Before I get started, let me just mention that my internet has been going out for 12-14 hour stretches for the past week and was out for 36 hours from Saturday night to Monday morning. In other words, my review schedule has been completely thrown for a loop but I will be posting Sunday’s review on Wednesday. A repair team is allegedly coming on Tuesday. Phew!
When I ran a poll for a theme month, Drinking, Smoking and Drugs won but Water was a strong second and so many people asked about it that I decided to go ahead and use that theme as well.
Water was always a popular theme in silent cinema. You had submarine and U-boat pictures, ocean cruise settings, underwater shots that may or may not have actually been shot underwater, South Sea romances, canoe escapes and more. And that’s not even starting on mermaids, nymphs and so forth.
In November, I will be all about rivers, lakes and the ocean and will be reviewing films from the first decade of cinema all the way to the Roaring Twenties.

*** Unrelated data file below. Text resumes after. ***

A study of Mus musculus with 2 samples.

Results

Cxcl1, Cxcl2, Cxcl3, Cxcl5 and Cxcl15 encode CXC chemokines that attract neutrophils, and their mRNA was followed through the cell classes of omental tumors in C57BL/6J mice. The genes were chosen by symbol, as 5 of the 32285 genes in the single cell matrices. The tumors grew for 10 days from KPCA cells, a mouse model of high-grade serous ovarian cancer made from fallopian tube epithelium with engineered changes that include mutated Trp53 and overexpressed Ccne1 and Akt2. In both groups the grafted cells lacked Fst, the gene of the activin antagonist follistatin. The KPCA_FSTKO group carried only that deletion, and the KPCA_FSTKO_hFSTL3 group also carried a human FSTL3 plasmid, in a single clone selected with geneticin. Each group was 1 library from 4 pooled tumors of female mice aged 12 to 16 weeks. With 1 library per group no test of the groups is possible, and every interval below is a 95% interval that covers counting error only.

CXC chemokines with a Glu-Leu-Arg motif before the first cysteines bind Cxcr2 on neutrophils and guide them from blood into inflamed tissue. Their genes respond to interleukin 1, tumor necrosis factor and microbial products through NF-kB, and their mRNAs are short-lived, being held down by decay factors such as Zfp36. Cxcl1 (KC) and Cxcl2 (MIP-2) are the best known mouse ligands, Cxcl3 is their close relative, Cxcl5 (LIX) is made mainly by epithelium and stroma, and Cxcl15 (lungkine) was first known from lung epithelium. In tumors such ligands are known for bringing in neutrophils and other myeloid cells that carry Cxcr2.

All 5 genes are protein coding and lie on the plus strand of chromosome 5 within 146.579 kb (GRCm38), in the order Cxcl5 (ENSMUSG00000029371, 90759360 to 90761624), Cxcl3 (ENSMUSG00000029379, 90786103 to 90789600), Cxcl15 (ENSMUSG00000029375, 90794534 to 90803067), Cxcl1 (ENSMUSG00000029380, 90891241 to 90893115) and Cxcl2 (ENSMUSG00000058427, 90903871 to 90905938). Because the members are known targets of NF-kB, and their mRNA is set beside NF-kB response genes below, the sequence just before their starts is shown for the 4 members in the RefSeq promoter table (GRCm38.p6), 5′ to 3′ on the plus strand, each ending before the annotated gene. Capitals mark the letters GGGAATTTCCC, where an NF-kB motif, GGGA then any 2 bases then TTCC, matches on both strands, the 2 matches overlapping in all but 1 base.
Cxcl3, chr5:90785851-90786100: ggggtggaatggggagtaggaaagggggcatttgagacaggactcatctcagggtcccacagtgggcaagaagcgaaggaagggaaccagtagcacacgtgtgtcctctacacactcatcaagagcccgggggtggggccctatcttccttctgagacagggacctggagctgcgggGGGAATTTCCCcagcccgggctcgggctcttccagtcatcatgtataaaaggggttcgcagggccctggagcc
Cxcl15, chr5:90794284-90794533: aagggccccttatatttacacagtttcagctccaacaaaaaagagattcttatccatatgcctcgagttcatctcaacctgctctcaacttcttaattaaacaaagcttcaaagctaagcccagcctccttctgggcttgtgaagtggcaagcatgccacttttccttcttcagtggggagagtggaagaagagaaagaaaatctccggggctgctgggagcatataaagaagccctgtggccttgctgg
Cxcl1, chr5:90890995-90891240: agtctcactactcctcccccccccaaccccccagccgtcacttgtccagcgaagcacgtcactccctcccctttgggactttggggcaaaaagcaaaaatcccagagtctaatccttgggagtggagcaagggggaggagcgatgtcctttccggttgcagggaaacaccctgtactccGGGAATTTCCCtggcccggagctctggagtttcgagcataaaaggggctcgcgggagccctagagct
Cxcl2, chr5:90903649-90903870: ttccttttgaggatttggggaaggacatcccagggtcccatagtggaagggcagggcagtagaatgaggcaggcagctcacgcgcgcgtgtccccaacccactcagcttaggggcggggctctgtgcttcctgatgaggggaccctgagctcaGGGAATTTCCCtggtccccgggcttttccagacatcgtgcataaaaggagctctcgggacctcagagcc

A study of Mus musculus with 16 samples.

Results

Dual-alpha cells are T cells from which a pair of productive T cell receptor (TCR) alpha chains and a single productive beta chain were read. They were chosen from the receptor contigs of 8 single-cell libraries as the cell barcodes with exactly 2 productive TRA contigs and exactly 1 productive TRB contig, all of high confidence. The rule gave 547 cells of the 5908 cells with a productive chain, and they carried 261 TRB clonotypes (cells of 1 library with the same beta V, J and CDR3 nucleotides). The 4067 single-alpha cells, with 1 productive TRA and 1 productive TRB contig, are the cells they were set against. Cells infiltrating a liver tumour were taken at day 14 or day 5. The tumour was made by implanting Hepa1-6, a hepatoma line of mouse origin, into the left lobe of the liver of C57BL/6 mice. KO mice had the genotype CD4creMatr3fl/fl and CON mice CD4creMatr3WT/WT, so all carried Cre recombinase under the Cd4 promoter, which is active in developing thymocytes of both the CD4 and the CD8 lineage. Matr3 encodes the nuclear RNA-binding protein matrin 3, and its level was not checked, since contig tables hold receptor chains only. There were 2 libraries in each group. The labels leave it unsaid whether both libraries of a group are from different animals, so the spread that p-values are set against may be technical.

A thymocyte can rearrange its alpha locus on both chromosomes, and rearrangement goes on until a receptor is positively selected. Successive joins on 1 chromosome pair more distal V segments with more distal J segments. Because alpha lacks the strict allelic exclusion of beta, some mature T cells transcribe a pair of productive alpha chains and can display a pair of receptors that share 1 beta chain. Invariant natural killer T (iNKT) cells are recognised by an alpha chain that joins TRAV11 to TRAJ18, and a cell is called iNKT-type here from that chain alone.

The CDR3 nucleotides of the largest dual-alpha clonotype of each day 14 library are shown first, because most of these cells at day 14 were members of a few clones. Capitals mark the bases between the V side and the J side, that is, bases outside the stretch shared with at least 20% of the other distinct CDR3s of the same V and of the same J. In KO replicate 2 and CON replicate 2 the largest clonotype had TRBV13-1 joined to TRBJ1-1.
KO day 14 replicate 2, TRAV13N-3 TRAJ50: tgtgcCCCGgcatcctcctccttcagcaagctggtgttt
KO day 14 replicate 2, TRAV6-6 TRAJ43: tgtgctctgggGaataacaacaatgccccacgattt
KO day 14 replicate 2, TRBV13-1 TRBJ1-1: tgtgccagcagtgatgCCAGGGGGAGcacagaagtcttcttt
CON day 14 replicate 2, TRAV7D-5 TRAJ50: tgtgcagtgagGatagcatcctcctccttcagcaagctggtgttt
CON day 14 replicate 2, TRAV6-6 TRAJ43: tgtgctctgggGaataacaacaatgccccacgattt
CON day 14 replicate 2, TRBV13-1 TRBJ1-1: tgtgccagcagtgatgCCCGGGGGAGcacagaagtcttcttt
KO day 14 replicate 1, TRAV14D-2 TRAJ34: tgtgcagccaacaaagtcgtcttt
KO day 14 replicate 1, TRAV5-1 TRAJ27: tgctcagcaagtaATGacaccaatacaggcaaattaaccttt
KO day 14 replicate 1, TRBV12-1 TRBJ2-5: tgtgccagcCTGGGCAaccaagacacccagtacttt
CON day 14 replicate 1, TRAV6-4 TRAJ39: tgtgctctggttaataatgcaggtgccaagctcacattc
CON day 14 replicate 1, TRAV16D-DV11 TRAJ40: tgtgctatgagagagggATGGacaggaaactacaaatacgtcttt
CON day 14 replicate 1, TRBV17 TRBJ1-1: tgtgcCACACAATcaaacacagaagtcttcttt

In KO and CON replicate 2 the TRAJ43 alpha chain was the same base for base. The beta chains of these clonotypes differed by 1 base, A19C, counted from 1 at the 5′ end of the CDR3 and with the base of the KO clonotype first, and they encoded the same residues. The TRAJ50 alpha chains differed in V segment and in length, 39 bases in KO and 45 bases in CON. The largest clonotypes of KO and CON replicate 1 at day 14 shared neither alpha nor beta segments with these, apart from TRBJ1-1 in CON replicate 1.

As a preview, here are a few damp pictures I have already reviewed:
20,000 Leagues Under the Sea (1916) is a so-so Jules Verne adaptation but the genuine undersea footage is positively breathtaking. It recently received a sparkling Bluray release, so be sure to check it out.
The Black Pirate (1926) is a Technicolor wonder and used wires and clever set design to fake the underwater scenes.
The Kingdom of the Fairies (1903) is a hand-colored Méliès marvel that features extensive underwater scenes enhanced by real water and fish.
Behind the Door (1919) is a twisted WWI revenge tale involving ships, U-boats and taxidermy.
Below the Surface (1920) is about deep sea divers, confidence tricksters and a very striking shot of death and chaos in a sunken vessel.
Out of the Deep (1912) is a bizarre melodrama featuring a caped villain and underwater shots enhanced by what looks like cabbage.
The Love Flower (1920) is the movie that inspired the quip that as an actress, Carol Dempster was an excellent high diver.
The Seine Flood (1910) is real footage of the flood that submerged Paris in 1910.
The Toll of the Sea (1922) is a Technicolor take on Madame Butterfly with Anna May Wong in the lead.
Revolution in Russia (1905) is a torn-from-the-headlines retelling of the Potemkin mutiny.
I hope you enjoy all of the watery delights that await you!